Recently, the central government made it mandatory for children to carry aadhaar card if they want to avail the mid-day meals at school. Apart from this, the central government has issued a series of 14 similar notifications for 11 schemes, including access to primary and secondary education.
This is a clear violation of Supreme court directive of October 2015 which stated that Aadhaar card cannot be made mandatory for any government scheme and it can only be used as voluntary identification for five specific government programmes: public distribution scheme, National Rural Employment Guarantee Act, National Social Assistance Programme, Jan Dhan Yojana and for LPG subsidies.
The Unique Identification Authority of India (UIDAI) has clarified that the information on individuals enrolled by it is safe and secure.
This clarification comes in the wake of recent reports of a breach in the security of Aadhaar data, which were misused for creating parallel databases.
According to the ministry, the UIDAI uses one of the world’s most advanced encryption technologies in transmission and storage of data. It also stated that UIDAI is continuously updating its security framework. However, this new rule can be a major cause of concern for people who advocate privacy and believe that any data breach can seriously derail the government’s digital agenda.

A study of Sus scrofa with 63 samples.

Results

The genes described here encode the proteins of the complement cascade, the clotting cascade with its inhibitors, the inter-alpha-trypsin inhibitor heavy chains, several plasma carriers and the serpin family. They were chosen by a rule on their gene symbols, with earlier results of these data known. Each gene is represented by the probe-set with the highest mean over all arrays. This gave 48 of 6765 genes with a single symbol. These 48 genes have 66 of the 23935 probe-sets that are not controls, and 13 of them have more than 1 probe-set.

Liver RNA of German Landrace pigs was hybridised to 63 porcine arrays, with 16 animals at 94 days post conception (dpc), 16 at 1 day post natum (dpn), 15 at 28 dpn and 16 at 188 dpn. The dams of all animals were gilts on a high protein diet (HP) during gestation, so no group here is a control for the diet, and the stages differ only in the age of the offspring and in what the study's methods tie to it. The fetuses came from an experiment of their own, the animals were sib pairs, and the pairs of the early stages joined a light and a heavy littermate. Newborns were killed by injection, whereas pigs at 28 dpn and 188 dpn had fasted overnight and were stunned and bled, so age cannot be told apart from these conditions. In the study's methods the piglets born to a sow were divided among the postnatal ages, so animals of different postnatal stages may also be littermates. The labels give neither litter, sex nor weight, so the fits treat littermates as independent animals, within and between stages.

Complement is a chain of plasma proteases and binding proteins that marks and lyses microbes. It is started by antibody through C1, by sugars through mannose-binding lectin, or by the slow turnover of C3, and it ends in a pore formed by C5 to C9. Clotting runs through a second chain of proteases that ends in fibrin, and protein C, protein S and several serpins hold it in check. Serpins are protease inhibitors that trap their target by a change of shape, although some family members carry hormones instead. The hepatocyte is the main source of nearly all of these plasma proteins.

Indian data protection laws are inadequate and only address some of the security, privacy, and other issues. Also, in terms of cybersecurity, India is way behind compared to other countries and this ignorance is evident in the Indian enterprises and financial institutions as well.
India doesn’t have a privacy and data protection law and in 2015 the Government of India held that “citizens do not have a right to privacy under the Constitution”.
Article 12 of the Universal Declaration of Human Rights – of which India is one of the signatories – explicitly states that “No one shall be subjected to arbitrary interference with his privacy, family, home or correspondence, nor to attacks upon his honor and reputation. Everyone has the right to the protection of the law against such interference or attacks.”
Other countries in the world have already enacted privacy laws to safeguard their citizens. France began ensuring data security from 1978, while Canada passed the historic Personal Information Protection & Electronic Documents Act in 2000. Mexico has serious punishments for privacy violators and New Zealand has a Privacy Commissioner.
At a time when India is pushing for a cashless economy, it is imperative to have in place an effective regime for the protection of personal information.